My Universal Medicine and the Support that Changed My Life

In honor of Black Breastfeeding Week (August 25-31), MomsFirst is proud to introduce you to a participant that has gone above and beyond for her daughter.

Rayleenah Saleem is an extraordinary mom.  With a glowing smile, Rayleenah tells the story of how the birth of her daughter changed her life. As a sophomore in high school, Rayleenah found herself pregnant. Faced with the decision keeping her baby, she decided to follow through with the pregnancy even with fear creeping inside her. “It was worth it even though my life would have been easier without her. I was doing a lot of things I wasn’t supposed to do. She changed me for the better. It is a blessing in disguise.” she said.

Not only is Rayleenah a mom, but she also managed to earn her GED, she works from home and has been breastfeeding her 22 month old daughter Noureyah since she was born. After being referred to MomsFirst by a friend, Rayleenah found the benefits of the program to exceed her expectations. Getting one on one support from her Community Health Worker, Jennifer Reuter from MomsFirst's Adolescent Component at the May Dugan Center, has proven to be a wonderful experience.  “I felt very proud of how strong she was and adamant she was when it came to giving her child only breastmilk,” said Reuter.

The relationship that Community Health Workers like Jennifer build with women make it easier for them to open up and feel empowered to take charge of their health. “I tell her things that I feel like she has more experience in. I am definitely trusting of her, I love her.” said Rayleenah.

For many moms, getting the support they need from people they can trust is difficult. The MomsFirst team works hard to build trusting relationships to provide this support. For breastfeeding mothers like Rayleenah this support makes the choice to breastfeed much easier. “I had no other option. I’ve seen my mother and sisters breastfeed. It came naturally. I was breastfed by my mother for two years.” said Rayleenah. Even though Rayleenah was educated by hospital staff about breastfeeding, she still had strong support from her mother. “There is nothing that they could tell me that I didn’t already know. My mother told me everything. She was really my backbone.” she stated.

Breastfeeding is a rewarding experience but it does not come without challenges. Jennifer is proud of Rayleenah for her dedication. “Breastfeeding is a hard challenge for anyone but especially for a teenager trying to balance everything in life with breastfeeding”, said Reuter.  Some challenges moms may encounter include breastfeeding in public, balancing breastfeeding while working, deciding when the time is right to discontinue breastfeeding and practicing self-care.

Noureyah with her mom, Rayleenah

Noureyah with her mom, Rayleenah

A lack of acceptance often makes breastfeeding in public uncomfortable.  Despite some progress, breastfeeding in public is still not completely normalized. “People are going to give you dirty looks. One time a man looked at me like he was disgusted and another time a lady told me there is a place where you can do that, but if my child is hungry, I am feeding her.” said Rayleenah.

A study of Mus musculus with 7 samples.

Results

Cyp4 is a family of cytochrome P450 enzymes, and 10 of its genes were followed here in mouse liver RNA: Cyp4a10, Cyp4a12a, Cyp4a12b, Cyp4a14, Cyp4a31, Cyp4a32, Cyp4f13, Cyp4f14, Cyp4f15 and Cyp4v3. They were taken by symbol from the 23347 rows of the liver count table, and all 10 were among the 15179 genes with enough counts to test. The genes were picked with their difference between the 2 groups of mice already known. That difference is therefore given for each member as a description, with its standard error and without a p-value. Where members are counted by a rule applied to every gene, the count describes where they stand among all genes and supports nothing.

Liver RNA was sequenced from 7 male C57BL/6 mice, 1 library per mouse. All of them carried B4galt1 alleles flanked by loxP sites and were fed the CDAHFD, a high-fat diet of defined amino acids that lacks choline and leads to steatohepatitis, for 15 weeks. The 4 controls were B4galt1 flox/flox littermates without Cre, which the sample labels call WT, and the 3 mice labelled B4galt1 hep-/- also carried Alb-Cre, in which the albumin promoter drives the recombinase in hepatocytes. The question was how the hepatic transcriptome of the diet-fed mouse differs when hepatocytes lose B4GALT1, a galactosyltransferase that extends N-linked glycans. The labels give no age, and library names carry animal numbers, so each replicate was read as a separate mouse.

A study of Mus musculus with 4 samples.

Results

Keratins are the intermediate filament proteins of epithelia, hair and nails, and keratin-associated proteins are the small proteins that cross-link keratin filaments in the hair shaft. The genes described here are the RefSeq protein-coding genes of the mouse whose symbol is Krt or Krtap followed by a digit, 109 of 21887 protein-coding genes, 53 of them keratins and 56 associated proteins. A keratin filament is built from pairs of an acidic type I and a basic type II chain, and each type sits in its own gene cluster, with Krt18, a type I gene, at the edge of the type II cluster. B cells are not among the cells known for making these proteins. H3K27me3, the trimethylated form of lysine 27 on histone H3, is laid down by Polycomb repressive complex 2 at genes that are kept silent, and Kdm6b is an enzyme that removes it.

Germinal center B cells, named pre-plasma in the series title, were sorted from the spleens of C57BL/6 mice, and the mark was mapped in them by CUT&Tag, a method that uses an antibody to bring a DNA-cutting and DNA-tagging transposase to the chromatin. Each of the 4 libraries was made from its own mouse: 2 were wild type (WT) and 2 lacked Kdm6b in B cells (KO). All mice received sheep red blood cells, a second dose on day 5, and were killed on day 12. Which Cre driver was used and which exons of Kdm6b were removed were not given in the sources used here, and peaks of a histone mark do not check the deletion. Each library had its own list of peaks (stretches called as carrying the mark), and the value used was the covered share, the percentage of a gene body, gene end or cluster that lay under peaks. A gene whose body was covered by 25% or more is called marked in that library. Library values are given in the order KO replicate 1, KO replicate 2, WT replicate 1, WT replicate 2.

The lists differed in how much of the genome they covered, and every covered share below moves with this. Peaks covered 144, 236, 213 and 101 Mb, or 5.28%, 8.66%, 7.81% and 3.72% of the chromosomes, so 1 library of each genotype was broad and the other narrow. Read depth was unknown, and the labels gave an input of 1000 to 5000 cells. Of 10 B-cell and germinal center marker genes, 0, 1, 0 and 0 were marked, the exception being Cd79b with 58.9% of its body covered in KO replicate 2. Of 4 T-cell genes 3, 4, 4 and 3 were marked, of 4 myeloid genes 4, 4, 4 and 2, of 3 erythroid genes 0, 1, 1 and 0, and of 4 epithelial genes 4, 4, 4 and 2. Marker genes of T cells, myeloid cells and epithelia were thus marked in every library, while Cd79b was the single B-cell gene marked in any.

Keeping the best interest of Noureyah in mind has helped Rayleenah persevere. She also encourages moms to have a conversation with their baby and set a goal. “You have to tell them. She knows what I am saying when I tell her it’s not going to be too much longer. My goal is to stop breastfeeding by the time she is two”, she stated. Having a strong support system helps make these goals more attainable. When Noureyah was 10 months old, Rayleenah started balancing work and home life.  Rayleenah says although she works from home she still needs a babysitter. She is grateful to have her nephew help out.

While Rayleenah emphasizes that breastfeeding is not for everyone, she believes if the good outweighs the bad, you should go for it. “I definitely know it is the best thing for her.  She is a genius.  She knows her ABCs, she can count, and she knows all of her body parts. At one point she had really bad eczema.  Nothing worked until I put breastmilk on her skin.” she stated. Rayleenah believes more women would choose breastfeeding if they knew more about it and knew it was best for their baby. She said, “Breast milk is a universal medicine”.

These are just some of the benefits that have made breastfeeding a rewarding experience for Rayleenah and Noureyah. Now that Rayleenah has developed a routine, she is making sure to remember that her needs matter too. As a working mom, Rayleenah understands all too well how easy it can be to forget about yourself. “Setting goals for yourself is the key to happiness. Even if it’s just waking up ten minutes earlier so that you can eat, you feel good about yourself when you do it.” said Rayleenah.

Rayleenah wants all moms to remember that their dreams can still come true. In light of this, she has high hopes for her future. Even though motherhood has taken up much of her time, she still has a vision for her life and a positive perspective. Rayleenah says, “In the future, I will still be able to do the things that I want to do. I could go to college and live on campus. I thought about teaching and I love science. Isaac Newton is my idol so I think about majoring in higher education science.”

“If I have seen further than others, it is by standing upon the shoulders of giants”- Isaac Newton.